Cannonball ND--How a Pipeline is Destroying the Stonehenge of the Midwest
U.S. District Judge Boasberg has granted in part and denied in part the Standing Rock Sioux Tribe's request to temporarily stop work on a portion of the $3.8 billion Dakota Access Pipeline. At issue is the Sioux Nation's attempt to protect ancient prayer and burial grounds.
Judge Boasberg said that work will temporarily stop between State Highway 1806 and 20 miles east of Lake Oahe, but that work will continue west of the highway. At issue is whether The United States Army Corps of Engineers has any jurisdiction on the private land.
This means that the site of mass grave and artifact desecration by contractors at the site of a violent confrontation between protestors and Energy Transfer Inc.'s security forces over the holiday weekend is not resolved. Women and children were maced, pepper sprayed, and attacked by security dogs, according to Tribal Leaders. Tribal Chairman David Archambault II said in a press release, "Sacred places containing ancient burial sites, places of prayer and other significant cultural artifacts of the Standing Rock Sioux Tribe were destroyed Saturday by Energy Transfer Partners.
A mere 75 feet from the edge of the DAPL pipeline corridor lies Iyokaptan Tanka, the Big Dipper. Source: Case 1:16-cv-01534-JEB Document 29-1 Filed 09/02/16 Page 4 of 11
This stone feature, which is a physical depiction of a constellation across a large area, is very rare to find within the Great Plains and within Oceti Sakowin homelands. This is only the third time I have seen one identified and recorded during my lifetime. I know how much importance the Elders and spiritual advisors place on this star constellation, this constellation was a measuring stick for leadership, who fasted or vision quested in the "cup" of the Big Dipper to make the ultimate commitment to the people. This is the last level to attain as a Chief and very few Chiefs made it to the seventh level in leadership, as I have been told. Only a Chief or Itancha can stand in the cup of the Dipper.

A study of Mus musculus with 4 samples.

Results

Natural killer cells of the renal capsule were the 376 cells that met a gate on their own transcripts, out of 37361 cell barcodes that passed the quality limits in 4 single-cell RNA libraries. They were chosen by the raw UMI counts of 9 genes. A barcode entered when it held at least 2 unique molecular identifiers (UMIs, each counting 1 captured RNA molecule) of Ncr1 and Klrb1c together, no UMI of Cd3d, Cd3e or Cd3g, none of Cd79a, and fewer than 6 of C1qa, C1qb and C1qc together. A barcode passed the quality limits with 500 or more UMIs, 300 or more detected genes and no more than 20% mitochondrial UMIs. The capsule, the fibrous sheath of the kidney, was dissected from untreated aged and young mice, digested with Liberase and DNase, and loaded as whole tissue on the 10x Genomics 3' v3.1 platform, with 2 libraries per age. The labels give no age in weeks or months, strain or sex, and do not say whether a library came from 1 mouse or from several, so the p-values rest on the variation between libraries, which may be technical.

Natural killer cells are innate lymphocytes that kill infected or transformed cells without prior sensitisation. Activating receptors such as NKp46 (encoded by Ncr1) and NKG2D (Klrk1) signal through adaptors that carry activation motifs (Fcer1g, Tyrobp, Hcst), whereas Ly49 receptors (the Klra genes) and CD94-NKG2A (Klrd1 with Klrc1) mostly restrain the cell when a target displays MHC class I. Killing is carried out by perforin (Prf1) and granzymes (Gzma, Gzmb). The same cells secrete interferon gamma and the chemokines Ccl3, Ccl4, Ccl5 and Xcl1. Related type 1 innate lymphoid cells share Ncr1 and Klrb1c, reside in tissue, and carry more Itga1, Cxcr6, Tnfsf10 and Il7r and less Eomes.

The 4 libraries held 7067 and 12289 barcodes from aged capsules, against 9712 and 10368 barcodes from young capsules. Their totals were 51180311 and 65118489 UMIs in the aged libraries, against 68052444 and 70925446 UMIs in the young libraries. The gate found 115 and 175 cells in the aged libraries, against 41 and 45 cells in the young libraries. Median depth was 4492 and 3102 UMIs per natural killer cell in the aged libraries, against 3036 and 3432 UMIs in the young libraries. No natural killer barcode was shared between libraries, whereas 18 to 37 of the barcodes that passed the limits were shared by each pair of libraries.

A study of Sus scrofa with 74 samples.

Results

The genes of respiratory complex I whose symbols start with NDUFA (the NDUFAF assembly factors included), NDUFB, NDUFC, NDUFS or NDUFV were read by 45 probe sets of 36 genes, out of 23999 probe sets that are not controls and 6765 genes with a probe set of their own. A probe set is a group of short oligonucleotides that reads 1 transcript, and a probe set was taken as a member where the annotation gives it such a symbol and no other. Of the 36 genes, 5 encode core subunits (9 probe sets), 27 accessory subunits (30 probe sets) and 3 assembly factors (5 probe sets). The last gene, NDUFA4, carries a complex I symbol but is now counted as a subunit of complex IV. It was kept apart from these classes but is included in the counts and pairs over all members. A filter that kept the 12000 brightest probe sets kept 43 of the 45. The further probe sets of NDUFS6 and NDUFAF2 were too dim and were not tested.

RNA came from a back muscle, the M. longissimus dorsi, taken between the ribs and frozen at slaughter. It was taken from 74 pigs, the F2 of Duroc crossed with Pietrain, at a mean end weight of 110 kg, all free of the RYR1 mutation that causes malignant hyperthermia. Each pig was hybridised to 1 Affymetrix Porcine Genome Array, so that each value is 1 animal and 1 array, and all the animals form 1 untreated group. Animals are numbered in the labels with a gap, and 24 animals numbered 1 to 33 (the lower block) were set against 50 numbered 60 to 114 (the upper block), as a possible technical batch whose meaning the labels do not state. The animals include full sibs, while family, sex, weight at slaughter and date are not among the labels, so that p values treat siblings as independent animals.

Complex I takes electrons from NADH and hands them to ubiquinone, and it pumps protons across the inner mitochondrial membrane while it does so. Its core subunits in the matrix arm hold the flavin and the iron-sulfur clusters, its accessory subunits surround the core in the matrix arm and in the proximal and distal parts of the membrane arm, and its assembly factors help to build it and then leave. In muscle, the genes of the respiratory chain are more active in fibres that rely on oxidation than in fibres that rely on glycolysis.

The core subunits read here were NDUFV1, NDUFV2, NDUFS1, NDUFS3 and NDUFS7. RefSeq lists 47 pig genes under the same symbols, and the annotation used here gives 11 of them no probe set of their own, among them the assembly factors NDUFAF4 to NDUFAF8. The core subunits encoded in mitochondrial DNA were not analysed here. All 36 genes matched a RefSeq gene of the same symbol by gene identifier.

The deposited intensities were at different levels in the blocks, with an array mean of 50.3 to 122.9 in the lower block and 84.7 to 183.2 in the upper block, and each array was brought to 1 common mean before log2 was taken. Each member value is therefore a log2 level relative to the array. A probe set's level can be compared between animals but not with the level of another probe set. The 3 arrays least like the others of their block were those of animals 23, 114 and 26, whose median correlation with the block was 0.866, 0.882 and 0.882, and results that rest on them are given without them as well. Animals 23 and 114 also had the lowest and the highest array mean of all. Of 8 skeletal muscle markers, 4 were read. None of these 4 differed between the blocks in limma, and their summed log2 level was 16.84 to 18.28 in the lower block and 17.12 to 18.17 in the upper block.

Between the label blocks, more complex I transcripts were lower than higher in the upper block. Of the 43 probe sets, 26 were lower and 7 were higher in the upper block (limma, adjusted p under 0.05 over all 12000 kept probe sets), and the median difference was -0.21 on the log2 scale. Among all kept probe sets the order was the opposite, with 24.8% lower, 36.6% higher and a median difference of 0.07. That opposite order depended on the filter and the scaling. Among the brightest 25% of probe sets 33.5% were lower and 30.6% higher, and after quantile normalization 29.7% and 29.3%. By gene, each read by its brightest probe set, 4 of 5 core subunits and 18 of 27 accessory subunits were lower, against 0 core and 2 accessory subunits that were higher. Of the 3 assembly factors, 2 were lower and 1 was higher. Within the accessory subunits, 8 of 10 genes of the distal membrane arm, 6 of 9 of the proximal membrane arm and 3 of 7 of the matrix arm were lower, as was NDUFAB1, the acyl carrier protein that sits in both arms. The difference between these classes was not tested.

To find a grave attached to the cup means the leader was "was beyond reproach." This is one of the most significant archeological finds in North Dakota in many years.
In a letter to the Tribe in February 2015, the Army Corps of Engineers asked the Standing Rock tribe to participate in identification of historical and religious sites, but the USACE never followed up on subsequent tribal responses. This is the heart of the lawsuit currently in Federal District Court.
Our regulations define the extent of the federal action as the "permit area" (33 CFR Part 325, Appendix C). This definition requires some interpretation but generally for pipelines it includes waters of the U.S. and adjacent upland areas that are dependent on the location of the crossing. The project proponent is conducting Class 111 surveys for cultural resources along the route. Proper identification of all historic properties, including sites of religious and cultural significance, or traditional cultural properties (TCP}, in the permit area is an essential element of those surveys.
I have a question for the Judge. How could he allow construction to continue on private land, endangering a significant historical find, when the "rules" include "upland areas dependent on the location of the crossing?"
Is private land really protected? If private land IS protected from common sense laws protecting antiquities, how about the courts and landowners at least showing some respect to the ancestors, especially the Chief buried there in the cup of the Big Dipper.
You know, Judge, the man who was 'beyond reproach."